Hawkeye 2021 Tv Series Review
For more than a decade, Jeremy Renner’s Clint Barton, aka “Hawkeye,” has been the odd man out in the Avengers squad. Now, he’s getting his own television series that both eschews the straightforward superhero script and looks exactly like what you’d expect from the Marvel machine.
Unlike most of his peers, Clint has zero superhero powers to speak of beyond an uncanny ability to hit a mark with his bow and arrow. The other exception to the rule was his best friend Natasha (Scarlett Johansson), aka “Black Widow,” who’s dead by the time Clint gets his own show. Now, Clint is still Hawkeye to the point that someone might ask for a selfie at the urinal, but he’s still apparently not famous enough to inspire many double takes even in the middle of Times Square. (Clint’s notoriety appears to shift in every other scene as the script demands.) His association with the Avengers makes him interesting to the broader world, as seen in the show as Clint and his kids watch a surreal musical about Captain America and friends (“Rogers!”), including a manically grinning “Hawkeye” facsimile. But more than anything, he’s just a guy who wants to get through a single Christmas with his kids and wife (Linda Cardellini) unbothered, and preferably in one piece.
From head writer Jonathan Igla, “Hawkeye” takes place during the December holiday season in New York City, an absolutely irresistible setting that immediately makes the series feel like something a bit different. “Hawkeye” also, however, takes place after the events of “Avengers: Endgame,” and therefore has to weave the catastrophic events of that entire saga into the series for at least continuity’s sake. This proves an especially heavy burden in the first episode, which has to introduce Clint’s eventual protégée Kate Bishop (Hailee Steinfeld), update us on the status of Clint and his family, and make clear the show’s ties to the Marvel Cinematic Universe. The series’ opening is particularly clunky about this as it reveals Kate’s origin story, not trusting its audience to figure out that Kate seeing Hawkeye kick ass might inspire her to pick up a bow and arrow of her own when she could just literally say to her mother (an underused Vera Farmiga), “I need a bow and arrow.”
More frustrating still is that, as Kate and Clint get deeper into trouble in the first two episodes (premiering simultaneously Nov. 24 on Disney Plus), the show fails to capitalize on the fact that they’re both expert archers in any of its initial fight scenes. Instead, we get the same bland mishmash of rock ‘em, sock ‘em punching that most any other superhero show could’ve included. In these segments, it’s hard to see any of the comic personality that director Rhys Thomas has otherwise shown in comedies like “SNL,” “John Mulaney and the Sack Lunch Bunch,” and “Documentary Now!” (Future episodes of the six-episode series were directed by the team of Bert and Bertie; it will perhaps be more interesting to see what they do with “Hawkeye” after the show’s cleared its throat of all exposition.)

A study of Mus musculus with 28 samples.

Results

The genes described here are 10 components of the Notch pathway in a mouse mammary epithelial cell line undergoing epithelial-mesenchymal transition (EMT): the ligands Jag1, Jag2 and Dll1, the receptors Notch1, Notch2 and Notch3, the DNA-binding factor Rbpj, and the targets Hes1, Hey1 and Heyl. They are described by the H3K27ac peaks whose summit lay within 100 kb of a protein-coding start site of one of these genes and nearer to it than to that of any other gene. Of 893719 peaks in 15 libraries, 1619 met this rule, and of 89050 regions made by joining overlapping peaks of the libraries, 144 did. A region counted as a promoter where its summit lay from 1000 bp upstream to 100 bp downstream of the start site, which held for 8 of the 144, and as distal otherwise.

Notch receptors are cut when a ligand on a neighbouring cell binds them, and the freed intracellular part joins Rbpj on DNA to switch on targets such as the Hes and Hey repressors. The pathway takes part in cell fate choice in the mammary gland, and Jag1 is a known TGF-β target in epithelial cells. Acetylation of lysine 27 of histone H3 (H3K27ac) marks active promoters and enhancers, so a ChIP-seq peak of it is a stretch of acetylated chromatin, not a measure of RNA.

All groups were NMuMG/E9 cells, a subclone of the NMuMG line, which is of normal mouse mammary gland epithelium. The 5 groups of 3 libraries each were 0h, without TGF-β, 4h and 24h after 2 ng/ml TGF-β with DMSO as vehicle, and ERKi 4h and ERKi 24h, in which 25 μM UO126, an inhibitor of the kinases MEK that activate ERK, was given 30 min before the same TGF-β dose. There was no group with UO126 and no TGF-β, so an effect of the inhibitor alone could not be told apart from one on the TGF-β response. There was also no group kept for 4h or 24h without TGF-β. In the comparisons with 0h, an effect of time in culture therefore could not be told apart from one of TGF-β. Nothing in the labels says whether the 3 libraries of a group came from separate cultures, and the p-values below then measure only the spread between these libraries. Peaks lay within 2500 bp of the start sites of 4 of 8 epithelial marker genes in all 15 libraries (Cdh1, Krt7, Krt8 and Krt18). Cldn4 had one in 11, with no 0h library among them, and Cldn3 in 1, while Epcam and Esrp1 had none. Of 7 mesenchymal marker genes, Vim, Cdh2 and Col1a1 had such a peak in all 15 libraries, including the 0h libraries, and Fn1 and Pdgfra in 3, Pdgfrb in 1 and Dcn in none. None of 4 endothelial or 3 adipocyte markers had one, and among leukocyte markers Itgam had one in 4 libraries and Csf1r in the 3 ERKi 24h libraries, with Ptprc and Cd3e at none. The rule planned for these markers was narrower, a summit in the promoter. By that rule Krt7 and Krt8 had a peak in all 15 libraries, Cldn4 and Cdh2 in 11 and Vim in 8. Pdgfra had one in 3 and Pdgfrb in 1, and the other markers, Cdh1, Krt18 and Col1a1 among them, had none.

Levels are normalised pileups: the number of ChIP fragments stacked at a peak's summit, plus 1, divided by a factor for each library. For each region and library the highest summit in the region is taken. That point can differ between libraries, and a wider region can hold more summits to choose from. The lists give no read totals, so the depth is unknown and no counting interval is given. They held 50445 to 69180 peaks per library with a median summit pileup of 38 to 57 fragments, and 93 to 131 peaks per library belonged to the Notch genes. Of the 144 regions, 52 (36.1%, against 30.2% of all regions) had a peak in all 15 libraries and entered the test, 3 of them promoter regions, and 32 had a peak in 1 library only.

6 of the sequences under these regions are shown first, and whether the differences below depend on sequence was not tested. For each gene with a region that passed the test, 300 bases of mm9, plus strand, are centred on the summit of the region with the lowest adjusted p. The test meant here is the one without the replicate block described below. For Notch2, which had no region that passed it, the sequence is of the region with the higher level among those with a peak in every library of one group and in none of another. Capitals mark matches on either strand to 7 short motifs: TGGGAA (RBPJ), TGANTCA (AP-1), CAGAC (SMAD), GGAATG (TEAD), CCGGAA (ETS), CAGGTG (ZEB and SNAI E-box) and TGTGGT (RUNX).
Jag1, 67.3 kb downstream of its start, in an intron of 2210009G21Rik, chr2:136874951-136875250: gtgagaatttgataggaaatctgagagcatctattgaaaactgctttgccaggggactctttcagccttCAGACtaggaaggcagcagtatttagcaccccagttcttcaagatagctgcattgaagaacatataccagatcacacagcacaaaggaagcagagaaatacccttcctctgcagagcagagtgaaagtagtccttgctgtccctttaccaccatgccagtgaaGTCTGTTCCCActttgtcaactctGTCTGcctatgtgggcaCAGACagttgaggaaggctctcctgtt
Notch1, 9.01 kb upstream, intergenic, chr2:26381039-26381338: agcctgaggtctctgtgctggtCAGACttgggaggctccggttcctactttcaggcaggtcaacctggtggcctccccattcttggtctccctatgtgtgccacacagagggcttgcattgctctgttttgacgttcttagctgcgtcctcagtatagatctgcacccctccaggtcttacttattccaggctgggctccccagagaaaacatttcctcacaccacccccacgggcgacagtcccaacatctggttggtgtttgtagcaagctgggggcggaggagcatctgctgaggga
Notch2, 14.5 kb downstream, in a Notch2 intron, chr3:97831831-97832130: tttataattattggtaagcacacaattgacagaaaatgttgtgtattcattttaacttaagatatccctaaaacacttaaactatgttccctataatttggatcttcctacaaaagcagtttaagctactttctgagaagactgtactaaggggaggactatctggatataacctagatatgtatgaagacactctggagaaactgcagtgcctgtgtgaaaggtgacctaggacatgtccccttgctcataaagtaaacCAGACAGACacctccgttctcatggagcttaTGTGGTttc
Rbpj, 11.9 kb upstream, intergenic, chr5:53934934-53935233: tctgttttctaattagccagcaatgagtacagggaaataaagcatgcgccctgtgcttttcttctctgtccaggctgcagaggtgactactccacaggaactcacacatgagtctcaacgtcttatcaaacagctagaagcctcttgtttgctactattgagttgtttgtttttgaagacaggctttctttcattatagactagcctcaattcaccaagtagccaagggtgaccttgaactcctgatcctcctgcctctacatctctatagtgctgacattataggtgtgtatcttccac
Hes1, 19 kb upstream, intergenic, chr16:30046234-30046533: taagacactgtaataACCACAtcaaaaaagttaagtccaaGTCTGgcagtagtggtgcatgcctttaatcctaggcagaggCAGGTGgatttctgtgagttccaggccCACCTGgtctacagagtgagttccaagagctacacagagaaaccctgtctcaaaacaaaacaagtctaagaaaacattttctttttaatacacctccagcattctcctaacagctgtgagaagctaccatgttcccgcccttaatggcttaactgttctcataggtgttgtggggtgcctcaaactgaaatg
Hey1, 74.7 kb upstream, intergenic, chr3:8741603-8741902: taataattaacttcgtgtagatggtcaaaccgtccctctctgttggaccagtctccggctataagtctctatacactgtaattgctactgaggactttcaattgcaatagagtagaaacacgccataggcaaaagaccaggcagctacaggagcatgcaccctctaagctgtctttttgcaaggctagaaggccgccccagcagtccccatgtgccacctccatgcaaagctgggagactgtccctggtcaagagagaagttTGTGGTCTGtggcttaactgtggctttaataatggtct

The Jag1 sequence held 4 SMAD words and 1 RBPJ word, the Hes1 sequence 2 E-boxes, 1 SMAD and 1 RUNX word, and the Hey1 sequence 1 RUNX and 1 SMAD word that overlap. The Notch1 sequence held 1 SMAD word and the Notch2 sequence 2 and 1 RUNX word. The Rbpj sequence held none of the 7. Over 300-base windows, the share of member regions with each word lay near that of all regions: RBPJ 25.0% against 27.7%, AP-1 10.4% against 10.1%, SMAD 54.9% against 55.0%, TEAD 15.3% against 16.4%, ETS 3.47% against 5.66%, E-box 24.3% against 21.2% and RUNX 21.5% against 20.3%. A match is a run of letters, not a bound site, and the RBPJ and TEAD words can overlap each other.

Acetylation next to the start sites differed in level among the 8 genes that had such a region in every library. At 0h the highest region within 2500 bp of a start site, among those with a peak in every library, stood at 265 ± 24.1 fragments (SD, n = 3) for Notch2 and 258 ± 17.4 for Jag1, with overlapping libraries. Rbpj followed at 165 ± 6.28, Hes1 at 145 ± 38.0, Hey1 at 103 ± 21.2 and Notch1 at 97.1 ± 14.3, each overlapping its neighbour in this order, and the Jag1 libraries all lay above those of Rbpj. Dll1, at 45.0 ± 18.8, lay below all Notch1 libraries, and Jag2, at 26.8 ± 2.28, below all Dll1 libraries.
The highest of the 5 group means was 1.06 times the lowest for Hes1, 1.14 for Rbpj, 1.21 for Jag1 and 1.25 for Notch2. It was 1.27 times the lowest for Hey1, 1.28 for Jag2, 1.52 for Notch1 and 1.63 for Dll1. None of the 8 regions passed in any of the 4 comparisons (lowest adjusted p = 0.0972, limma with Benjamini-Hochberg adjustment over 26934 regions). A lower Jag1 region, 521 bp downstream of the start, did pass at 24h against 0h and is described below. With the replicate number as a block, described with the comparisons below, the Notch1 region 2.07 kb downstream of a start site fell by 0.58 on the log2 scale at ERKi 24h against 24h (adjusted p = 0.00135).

In its best moments, this TV version of “Hawkeye” hearkens back to the brilliant 2012 comic series of the same name. From writer Matt Fraction and artist David Aja, this series first made Clint and Kate such a sharp pairing by leaning into the fact that they’re both just people with damage who happen to be really, really good at archery. The comic’s success hinged on their easy banter, mutual skills, and nuanced relationship (which, in a refreshing change of pace, never approached anything romantic). It was also extremely funny, using the medium’s ability to do extensive narration from both Clint and Kate’s perspectives that never felt superfluous or forced. The show does adopt some of the literal aspects of the comic’s run, such as the somewhat hapless “tracksuit mafia” and the one-eyed dog that eventually comes to be known as “Lucky the Pizza Dog.” Otherwise, though, the Disney Plus “Hawkeye” is too beholden to the larger MCU as a guiding narrative force and generic house style of filming to truly find its own voice as Fraction’s “Hawkeye” once did. And in the first two episodes, at least, Kate and Clint barely get enough time together onscreen to fully develop the affectionately snarky back and forth that made them such a compelling pair in the comics.
When they do get the chance to ping off each other, though, Renner (who clearly relishes the chance to portray Clint as a person outside his traditional brooding) and Steinfeld (an expert at playing headstrong young women from “Edge of Seventeen” to “Dickinson”) prove they could give the original Clint and Kate a run for their money. Hopefully, the rest of their “Hawkeye” series will give them more of a chance to do it.